Kaler’s reaction to state construction appropriations

Just got this statement from the U:

Minnesota Legislature approves $119.4 million for U of M bonding projects

 The Minnesota Legislature today approved $119.4 million in state funding for University of Minnesota bonding projects and appropriated additional funds via supplemental finance provisions.

“I’d like to thank members of the House and Senate who have been strong advocates for the University of Minnesota this session,” University President Eric Kaler said. “I’d also like to thank Governor Dayton for his support of our request from the start. These investments enable Minnesota’s land-grant university to conduct world-class research and educate students for the global marketplace.”

The Legislature approved full funding for two University of Minnesota capital investment projects:

  • $56.7 million for renovations to 87-year-old Tate Laboratory, to meet the modern teaching needs of physical science disciplines; and
  • $10 million to renovate and expand the Crookston campus wellness center, to better serve a growing residential student population.

Policymakers approved partial funding for three projects:

  • $42.5 million for Higher Education Asset Preservation and Replacement (HEAPR), used to maximize and extend the life of facilities that serve students, faculty and staff system-wide;
  • $8.7 million for the research laboratory improvement fund, which includes the St. Paul campus aquatic invasive species and bee laboratories; and
  • $1.5 million for a new chemical sciences and advanced materials building on the Duluth campus.

“These important investments will help University of Minnesota researchers address the state’s most pressing challenges, keep state industry competitive and fuel our economy,” Kaler said. “Whether it’s the threat invasive species pose to Minnesota’s waterways or preventing devastating effects from a continued decline in honeybee populations, the University is uniquely poised to achieve strong results for the state. This funding will also help us meet the state’s need for more graduates with degrees in the STEM [science, technology, engineering and mathematics] fields and advance our mining industry.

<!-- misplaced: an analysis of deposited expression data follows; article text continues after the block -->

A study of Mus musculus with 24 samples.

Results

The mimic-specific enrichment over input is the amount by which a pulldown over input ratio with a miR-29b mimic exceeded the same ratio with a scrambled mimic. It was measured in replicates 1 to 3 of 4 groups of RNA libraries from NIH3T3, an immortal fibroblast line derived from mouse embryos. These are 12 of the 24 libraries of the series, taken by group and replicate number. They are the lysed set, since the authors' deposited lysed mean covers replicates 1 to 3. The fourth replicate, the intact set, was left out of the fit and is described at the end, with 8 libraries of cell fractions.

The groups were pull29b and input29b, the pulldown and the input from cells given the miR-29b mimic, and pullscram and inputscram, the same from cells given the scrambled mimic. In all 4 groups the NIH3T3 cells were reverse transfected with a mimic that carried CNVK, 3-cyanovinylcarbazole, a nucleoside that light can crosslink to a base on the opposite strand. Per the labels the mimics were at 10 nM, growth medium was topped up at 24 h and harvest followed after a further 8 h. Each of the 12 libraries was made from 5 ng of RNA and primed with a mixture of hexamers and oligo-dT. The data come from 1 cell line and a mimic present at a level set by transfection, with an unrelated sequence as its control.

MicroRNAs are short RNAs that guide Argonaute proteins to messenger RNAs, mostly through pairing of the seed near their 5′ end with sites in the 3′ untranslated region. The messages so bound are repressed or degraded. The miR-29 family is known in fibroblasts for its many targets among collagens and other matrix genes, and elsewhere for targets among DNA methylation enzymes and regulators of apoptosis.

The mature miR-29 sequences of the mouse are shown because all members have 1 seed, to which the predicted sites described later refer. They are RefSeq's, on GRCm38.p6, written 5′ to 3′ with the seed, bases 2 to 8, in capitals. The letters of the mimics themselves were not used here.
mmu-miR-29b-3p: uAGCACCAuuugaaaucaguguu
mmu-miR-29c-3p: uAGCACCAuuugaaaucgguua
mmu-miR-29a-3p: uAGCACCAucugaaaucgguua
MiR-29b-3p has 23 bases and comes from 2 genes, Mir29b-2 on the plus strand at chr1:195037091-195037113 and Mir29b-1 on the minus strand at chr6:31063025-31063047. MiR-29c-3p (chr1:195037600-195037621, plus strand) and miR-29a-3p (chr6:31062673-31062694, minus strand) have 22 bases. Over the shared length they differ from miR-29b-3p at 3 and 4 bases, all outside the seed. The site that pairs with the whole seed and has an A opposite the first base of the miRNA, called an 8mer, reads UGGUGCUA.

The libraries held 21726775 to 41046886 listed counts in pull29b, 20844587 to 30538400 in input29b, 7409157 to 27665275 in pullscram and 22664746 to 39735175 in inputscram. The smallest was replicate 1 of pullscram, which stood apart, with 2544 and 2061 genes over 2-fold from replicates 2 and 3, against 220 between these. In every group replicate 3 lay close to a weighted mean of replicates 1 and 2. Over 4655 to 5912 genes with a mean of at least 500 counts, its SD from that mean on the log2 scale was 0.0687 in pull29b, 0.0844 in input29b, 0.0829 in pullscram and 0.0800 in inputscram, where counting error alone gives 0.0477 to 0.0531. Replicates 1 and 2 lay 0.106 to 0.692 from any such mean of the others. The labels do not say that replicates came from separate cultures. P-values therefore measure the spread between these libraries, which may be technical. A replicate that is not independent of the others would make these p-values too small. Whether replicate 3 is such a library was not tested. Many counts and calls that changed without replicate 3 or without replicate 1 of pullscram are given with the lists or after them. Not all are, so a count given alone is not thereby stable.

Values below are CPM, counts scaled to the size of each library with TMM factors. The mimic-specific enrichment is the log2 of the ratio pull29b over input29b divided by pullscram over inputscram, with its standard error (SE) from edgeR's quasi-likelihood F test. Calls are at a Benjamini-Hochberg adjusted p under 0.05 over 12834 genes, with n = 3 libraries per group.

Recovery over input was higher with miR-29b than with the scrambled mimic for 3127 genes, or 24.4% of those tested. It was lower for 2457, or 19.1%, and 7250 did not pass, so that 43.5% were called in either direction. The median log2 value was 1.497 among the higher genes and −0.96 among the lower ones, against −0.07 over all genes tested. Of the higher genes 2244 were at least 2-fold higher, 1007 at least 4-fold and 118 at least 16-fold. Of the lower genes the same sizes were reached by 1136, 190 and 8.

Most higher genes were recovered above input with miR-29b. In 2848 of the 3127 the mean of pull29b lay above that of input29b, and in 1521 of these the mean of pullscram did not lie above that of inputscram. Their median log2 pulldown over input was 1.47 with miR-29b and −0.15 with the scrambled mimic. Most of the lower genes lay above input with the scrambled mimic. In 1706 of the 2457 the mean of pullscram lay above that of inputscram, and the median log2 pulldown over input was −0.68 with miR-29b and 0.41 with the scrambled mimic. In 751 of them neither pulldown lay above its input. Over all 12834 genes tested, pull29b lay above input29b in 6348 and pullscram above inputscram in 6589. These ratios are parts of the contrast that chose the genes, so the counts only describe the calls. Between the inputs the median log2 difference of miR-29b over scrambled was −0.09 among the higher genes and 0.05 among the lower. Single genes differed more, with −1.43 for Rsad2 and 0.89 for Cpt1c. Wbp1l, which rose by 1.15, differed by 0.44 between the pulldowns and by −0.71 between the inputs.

“Policymakers understood our critical needs for up-to-date and efficient learning and research spaces, and for that our students are the real winners. The 50,000-plus students enrolled across the U system each year deserve modern classrooms and labs to prepare for the work environments they will enter,” Kaler said.

HEAPR funds will help bring buildings up to code for health, safety and accessibility purposes. System-wide, the University’s buildings account for 29 million square feet, more than seven times the size of the Mall of America. One in four major campus buildings are 70 years old or older, according to capital planning officials. The Twin Cities campus alone has nearly 100 buildings that are more than 50 years old.

As part of the supplemental finance bill, the Legislature agreed to appropriate $3.5 million in recurring funds to cover debt service for a new Bell Museum of Natural History to be built on the St. Paul campus. The University supported the project, as long as its funding did not dilute funding for higher University priorities. Although the $51.5 million project was not part of the University’s request, to move the project forward, Kaler agreed to seek approval from the Board of Regents to issue the bonds for the new facility. The Bell was established by the Legislature in 1872 as the “state repository for all biological collections.”

The supplemental finance bill also appropriates funds, as follows, to support critical University of Minnesota research and other needs:

  • $4.35 million (recurring) to invest in regenerative medicine research;

  • $1 million (one-time) for the Forever Green Agriculture Initiative, supporting research “to protect the state’s natural resources while increasing the efficiency, profitability and productivity of Minnesota farmers by incorporating perennial and winter-annual crops into existing agricultural practices”;

  • $4.86 million (one-time) to establish a Terrestrial Invasive Species Research Center and help maintain Minnesota’s leadership in invasive species research; and

  • $200,000 (one-time) to research preventions and cures for a relentless virus affecting the pork industry.